Australia’s Professor Gary Banks in Paris talking productivity

The Australian Productivity Commission is one of the first institutions of its kind and is considered an international benchmark.  EU countries are currently looking to set up productivity councils and are seeking Australian insights in view of the success of the Australian model.  This month, France Strategie and CEPII, each important advisory institutions to the French government, hosted a discussion with Gary Banks the former long time head of the Australian Productivity Commission (1998-2013).

In a roundtable session with Agnes Benassy-Quere of CEPII, Gary Banks noted that Government rarely has the capacity to look at the big picture.  Individual departments focus on parts of the business of government.  A productivity commission looks at the whole. He clarified that in Australia “productivity” means getting more from our resources but primarily focuses on community “wellbeing”; a major factor in its success.  He noted that the value of a productivity council is to counter the information asymmetry existing in favour of those who oppose change.  Through evidence based information and public consultation the Commission produces reports which governments in Australia have used over time to overcome “anti-reform bias” and make crucial reforms.  He observed that a Government would never get ‘consensus’ for change but through coalition building and good information, it could effect reform.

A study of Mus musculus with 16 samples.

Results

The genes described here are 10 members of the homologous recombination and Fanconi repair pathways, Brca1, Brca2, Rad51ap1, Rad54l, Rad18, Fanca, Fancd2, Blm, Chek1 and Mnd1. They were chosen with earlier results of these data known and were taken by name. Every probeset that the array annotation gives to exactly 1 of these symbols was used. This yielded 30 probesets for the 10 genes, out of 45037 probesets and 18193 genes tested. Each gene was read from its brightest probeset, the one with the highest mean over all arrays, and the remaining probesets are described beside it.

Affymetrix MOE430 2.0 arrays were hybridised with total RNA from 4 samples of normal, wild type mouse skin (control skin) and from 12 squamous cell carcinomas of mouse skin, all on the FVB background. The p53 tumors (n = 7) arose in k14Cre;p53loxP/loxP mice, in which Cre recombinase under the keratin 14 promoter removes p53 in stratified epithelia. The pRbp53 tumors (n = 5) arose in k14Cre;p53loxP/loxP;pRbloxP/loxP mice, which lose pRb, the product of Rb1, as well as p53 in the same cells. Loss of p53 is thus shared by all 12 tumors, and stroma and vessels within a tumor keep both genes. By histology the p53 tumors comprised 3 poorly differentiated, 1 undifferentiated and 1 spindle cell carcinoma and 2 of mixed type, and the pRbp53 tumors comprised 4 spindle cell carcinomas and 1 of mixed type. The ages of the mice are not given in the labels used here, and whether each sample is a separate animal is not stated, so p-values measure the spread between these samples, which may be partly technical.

Three key features of the Australian model were highlighted: an institution that is independent, transparent and which takes an economy-wide perspective.  Important also is that Government itself set the terms of reference for each inquiry – ensuring buy-in – and that Government upholds the status of the institution itself (even if it disagrees with the findings).

Gary Banks put the success of the Australian body in part down to the strength of our public consultation phase.  Face to face consultation with a wide range of stakeholders and a “draft report” which could be amended to take into account public views was critical to effective reform.

ABIE France is pleased to acknowledge the work of Professor Gary Banks in building such a strong, effective and internationally recognised institution.